Mental health deserves much more attention in the UAE – The National

mental health uaeMental health deserves much more attention in the UAE – The National Editorial October 23, 2014

Mental health is sues are complex and often completely misunderstood, with this lack of awareness and understanding often compounded further by the paucity of assistance available. Changing this state of affairs will require a concerted effort but must be done. The first task must be to break the taboo that surrounds mental health problems. Stigma and silence often stifles discussion of depression and associated illnesses. Secondly, we need to improve the country’s mental health facilities. As The National reported yesterday, experts say that more facilities, internationally recognised specialists and support groups are needed. These same experts have also called for a law that regulates the profession to close the legal loopholes in the UAE that allow some unqualified practitioners to operate, with some doing more harm than good. This legislation would also serve to protect the rights of patients and mean that treatment for psychological disorders would be covered under health insurance. That this kind of treatment is not already covered by insurance is a strong indicator of how much and how urgently we need to develop our understanding of these complex issues. Thirdly, the lack of home-grown specialists must also be addressed.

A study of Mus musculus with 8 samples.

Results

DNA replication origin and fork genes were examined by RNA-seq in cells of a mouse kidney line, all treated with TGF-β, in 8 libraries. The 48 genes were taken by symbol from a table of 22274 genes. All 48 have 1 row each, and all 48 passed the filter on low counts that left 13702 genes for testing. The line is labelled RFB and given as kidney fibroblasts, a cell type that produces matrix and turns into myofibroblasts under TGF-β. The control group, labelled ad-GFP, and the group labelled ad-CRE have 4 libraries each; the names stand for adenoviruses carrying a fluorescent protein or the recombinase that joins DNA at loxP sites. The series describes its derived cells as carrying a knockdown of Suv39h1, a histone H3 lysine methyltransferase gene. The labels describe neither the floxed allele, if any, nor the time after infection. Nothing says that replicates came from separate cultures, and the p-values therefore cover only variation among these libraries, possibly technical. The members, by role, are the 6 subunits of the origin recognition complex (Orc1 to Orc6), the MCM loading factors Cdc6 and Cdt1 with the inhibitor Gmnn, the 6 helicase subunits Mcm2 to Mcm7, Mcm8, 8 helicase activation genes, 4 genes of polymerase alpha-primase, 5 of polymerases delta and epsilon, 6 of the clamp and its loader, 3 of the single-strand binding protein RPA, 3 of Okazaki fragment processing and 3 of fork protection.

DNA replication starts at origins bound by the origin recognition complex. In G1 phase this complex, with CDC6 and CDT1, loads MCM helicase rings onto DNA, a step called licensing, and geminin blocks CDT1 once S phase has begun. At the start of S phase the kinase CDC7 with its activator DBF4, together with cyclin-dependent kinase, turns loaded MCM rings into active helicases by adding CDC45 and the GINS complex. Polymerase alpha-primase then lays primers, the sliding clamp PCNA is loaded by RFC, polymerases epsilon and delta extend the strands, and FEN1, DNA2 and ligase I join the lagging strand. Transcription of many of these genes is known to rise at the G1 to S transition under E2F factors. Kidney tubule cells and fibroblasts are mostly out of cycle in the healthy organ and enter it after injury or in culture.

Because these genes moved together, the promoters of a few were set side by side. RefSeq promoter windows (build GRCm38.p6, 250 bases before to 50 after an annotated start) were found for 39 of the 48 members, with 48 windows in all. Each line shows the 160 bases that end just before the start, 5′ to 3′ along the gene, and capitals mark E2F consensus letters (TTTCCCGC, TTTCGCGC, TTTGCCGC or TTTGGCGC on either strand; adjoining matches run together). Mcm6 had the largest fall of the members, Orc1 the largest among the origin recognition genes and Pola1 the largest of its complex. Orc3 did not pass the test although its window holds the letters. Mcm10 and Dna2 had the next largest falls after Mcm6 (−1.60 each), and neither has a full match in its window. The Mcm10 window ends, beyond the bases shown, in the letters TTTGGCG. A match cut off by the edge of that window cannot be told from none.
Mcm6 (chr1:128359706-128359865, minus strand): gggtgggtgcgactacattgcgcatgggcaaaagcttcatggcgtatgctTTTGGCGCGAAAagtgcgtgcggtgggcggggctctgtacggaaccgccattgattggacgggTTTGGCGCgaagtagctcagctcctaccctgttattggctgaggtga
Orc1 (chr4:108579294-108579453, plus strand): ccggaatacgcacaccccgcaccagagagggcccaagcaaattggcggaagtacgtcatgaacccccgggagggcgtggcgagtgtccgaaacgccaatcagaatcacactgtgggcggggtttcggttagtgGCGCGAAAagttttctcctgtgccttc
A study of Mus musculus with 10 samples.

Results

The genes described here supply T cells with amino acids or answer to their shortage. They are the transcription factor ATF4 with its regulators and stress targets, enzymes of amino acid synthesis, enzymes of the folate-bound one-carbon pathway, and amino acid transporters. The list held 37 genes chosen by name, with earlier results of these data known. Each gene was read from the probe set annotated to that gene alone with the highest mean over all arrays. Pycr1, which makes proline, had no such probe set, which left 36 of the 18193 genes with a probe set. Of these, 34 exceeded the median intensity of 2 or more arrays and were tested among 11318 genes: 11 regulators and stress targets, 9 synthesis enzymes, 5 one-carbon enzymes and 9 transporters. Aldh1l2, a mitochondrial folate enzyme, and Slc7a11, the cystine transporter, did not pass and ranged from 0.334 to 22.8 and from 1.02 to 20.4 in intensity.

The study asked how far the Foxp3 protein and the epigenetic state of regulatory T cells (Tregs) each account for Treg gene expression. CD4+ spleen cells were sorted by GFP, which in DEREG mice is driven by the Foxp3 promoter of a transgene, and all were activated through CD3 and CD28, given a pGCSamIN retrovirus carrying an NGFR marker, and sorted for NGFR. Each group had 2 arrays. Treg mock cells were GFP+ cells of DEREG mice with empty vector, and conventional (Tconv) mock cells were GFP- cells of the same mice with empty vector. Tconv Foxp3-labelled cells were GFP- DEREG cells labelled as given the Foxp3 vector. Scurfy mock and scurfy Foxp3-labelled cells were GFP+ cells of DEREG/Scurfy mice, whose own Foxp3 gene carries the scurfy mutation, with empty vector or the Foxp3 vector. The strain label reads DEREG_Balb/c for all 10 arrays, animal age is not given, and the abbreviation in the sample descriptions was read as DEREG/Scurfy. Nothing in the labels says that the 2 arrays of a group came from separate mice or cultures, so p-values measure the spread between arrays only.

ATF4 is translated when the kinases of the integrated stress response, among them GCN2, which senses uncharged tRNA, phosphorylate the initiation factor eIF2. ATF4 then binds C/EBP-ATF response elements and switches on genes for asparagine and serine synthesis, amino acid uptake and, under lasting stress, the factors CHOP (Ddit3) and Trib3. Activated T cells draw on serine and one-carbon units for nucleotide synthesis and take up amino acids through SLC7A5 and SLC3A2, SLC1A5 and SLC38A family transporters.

Jared Alden, a psychotherapist at the German Neuroscience Center in Dubai Healthcare City, is a member of an under-represented group of medical specialists in the UAE.

dubai psychologist jared

As Justin Thomas, associate professor of psychology at Zayed University, wrote in The National this week, the best outcome for mental health problems comes from talk-based therapies but these require a deep understanding of the patient’s culture. He noted with concern that few if any therapists with a profound understanding of local culture are in training. The multicultural nature of the UAE means people sometimes struggle to find specialists who understand their language, thoughts and belief systems. Depression, for example, often responds to cognitive therapy – but that is less likely to be successful without the therapist’s full understanding of the patient’s background. Research also suggests there are links between mental health and other illnesses that are over-represented in the UAE, such as diabetes, which shows the problems are more prevalent than initially thought. All this bolsters the need for more Emiratis to choose to work in the mental health sector.